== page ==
A menu entry in Linux (we’ll be using Ubuntu for this example, which uses the GNOME desktop environment), contains a few separate pieces of information. It includes the name of the program, the fact that it is an application, the location of the program executable, the location for the icon to be used in the menu, along with any comment text, and the category or categories that should be used.
That’s at the most basic. You can also include translations, so that Firefox, for example, is a “Web Browser” in English, a “Navegue por la web” in Spanish, and a “Verken het internet” in Dutch. You can provide a generic name, what type of files the program can open, whether the program is to be run inside a Terminal, and a whole lot more.
In some instances, you may want to edit a particular menu entry. Maybe you want a bit more (or less) descriptive text. For instance, you may want only “Firefox” to show up in the menu, instead of “Firefox Web Browser,” or maybe you want “Gnome Terminal,” and not “Terminal,” to appear in the Accessories menu. Regardless, it’s nice to know how to edit your menu items.
To do this the “old fashioned” way, you would open up the appropriate desktop file in a text editor, make the changes, then save it, preferably to your Home folder, so the changes aren’t wiped away the next time the program is updated. Thankfully, this isn’t necessary in Ubuntu, because a menu editor is already installed, although it’s kind of hidden.
To access the editor (which is called Alacarte), right-click on your menu bar and choose the Edit Menus option.
You can also type “alacarte” (without the quotes) into a Terminal or Run Dialog.
When Alacarte opens, you’ll see the following window.
It is broken up into two parts. On the left is a listing that corresponds to the three main menu systems. First is the Applications menu, and then the System menu, which is broken into Preferences and Administration.
Clicking on an entry from the Menus column – in this instance we’ll use Accessories, reveals a full list of all the items that appear in that menu, as well as items that would appear, but are currently hidden.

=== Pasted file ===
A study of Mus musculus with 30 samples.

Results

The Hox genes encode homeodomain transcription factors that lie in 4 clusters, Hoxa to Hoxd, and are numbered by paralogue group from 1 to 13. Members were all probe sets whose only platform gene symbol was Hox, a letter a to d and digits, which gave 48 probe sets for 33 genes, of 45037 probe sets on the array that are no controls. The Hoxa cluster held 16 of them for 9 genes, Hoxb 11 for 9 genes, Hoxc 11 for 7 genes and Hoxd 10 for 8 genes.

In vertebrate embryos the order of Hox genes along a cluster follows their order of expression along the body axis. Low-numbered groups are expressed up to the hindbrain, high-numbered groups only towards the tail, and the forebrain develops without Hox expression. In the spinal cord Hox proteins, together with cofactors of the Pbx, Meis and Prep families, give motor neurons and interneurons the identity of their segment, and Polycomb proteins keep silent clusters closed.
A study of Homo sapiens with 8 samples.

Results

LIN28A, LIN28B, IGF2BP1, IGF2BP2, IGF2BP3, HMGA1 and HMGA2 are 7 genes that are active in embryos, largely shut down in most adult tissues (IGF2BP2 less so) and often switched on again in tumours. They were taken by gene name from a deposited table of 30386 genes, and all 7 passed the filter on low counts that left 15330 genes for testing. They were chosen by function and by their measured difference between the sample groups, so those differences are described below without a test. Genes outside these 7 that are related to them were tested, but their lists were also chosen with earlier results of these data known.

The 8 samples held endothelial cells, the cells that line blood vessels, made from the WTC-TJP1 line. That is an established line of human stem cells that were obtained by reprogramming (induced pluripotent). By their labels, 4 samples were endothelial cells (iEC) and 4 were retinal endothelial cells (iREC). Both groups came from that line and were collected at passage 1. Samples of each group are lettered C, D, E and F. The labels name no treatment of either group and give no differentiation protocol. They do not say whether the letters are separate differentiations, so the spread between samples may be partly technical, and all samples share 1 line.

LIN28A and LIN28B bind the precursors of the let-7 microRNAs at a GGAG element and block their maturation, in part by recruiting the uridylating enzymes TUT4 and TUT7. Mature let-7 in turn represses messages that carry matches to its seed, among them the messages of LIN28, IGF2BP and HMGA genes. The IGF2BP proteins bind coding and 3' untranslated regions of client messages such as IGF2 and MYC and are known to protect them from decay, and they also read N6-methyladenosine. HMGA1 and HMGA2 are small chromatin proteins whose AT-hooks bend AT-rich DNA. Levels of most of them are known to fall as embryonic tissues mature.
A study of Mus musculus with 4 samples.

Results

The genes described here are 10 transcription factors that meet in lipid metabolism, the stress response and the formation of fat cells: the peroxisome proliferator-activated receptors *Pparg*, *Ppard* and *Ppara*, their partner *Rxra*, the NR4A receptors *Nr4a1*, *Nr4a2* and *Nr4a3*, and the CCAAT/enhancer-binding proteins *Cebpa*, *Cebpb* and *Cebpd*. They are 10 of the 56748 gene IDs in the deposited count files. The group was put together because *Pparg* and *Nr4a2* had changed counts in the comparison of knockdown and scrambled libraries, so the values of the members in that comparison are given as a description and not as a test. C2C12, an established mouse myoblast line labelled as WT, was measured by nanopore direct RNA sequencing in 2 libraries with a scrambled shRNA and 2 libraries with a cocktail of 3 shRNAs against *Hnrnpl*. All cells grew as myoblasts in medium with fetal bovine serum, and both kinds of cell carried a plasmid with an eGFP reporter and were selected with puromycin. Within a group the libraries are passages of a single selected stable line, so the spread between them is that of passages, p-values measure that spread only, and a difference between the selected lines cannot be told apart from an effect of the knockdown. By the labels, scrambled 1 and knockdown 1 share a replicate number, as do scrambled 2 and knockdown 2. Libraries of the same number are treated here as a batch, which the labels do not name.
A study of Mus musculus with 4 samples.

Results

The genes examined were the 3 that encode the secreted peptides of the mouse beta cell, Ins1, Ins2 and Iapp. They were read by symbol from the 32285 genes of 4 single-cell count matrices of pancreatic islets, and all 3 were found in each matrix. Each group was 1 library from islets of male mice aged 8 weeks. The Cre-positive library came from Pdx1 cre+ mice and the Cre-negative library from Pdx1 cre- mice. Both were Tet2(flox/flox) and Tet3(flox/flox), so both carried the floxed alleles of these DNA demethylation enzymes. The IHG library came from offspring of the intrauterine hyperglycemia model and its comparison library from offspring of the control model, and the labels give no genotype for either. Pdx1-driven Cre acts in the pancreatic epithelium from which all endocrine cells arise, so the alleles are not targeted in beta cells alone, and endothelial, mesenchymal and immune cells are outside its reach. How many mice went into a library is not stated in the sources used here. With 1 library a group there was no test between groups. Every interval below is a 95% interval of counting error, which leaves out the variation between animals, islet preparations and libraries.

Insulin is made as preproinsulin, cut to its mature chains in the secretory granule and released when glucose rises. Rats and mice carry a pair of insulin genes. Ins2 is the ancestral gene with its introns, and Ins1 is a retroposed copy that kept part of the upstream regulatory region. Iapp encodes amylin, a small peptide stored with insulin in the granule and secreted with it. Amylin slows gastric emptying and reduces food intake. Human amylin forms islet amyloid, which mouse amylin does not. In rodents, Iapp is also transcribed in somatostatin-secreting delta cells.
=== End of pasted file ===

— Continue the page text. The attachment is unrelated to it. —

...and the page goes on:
To edit an item, either click to highlight it, then click the Properties button, or simply double-click the entry name itself. A new window will appear, showing you all the items you can edit from within Alacarte.
There are five main pieces of information Alacarte allows us to edit. We can change the launcher type from Application to Application In Terminal. We can edit the name displayed in the menu. As shown above, “Kupfer” will appear in the menu, but if we want to, we can easily change it to “Kupfer Keyboard Launcher” so anyone using the computer will know what Kupfer is.
We can also modify the command used to launch a program. A good example of this is Shutter, a popular screenshot application. Before the option was added to the Shutter preferences, it was possible to force Shutter to launch minimized (the program launched but no windows appeared), which was nice for when Shutter was set to start when the computer booted. To do this, you took the original command:
And changed it to this:
You can also change the comment. The comment generally appears while hovering over a menu entry, and is helpful for those times (Kupfer is a good example), when the name of the program isn’t all that recognizable as to the program’s purpose.
Finally, by clicking the icon, you can choose a new one.
When you’re finished making changes, click the Close button and when the main Alacarte window comes back into focus, you’ll notice that your changes have been accepted, and in fact are already showing in the menu.
Finally, one quick look at a final feature Alacarte offers. In the image below, you’ll notice that one entry – Byobu Window Manager – is in italics, while the entry below it – Calculator – is not.
In the case of Byobu, you’ll also notice the checkbox is unticked. By ticking and unticking the checkbox, you can show or hide a program. When a program is hidden – as is the case with Byobu – its name is shown within Alacarte in italics. Check an uchecked box, and the text switches to standard text, and the item becomes visible in the menu; uncheck an already ticked box, and the item goes back to italics, and the menu entry becomes hidden.
And that’s a basic guide to using Alacarte to edit your menus. You can do more with it, of course, such as creating new entries altogether, creating new menus, rearranging menu items, and more. Alacarte is a powerful program, and one that’s useful not only for getting rid of the need to edit launchers by hand, but for providing a comfortable GUI program that’s easy to use, while still retaining a lot of the power and flexibility Linux users expect.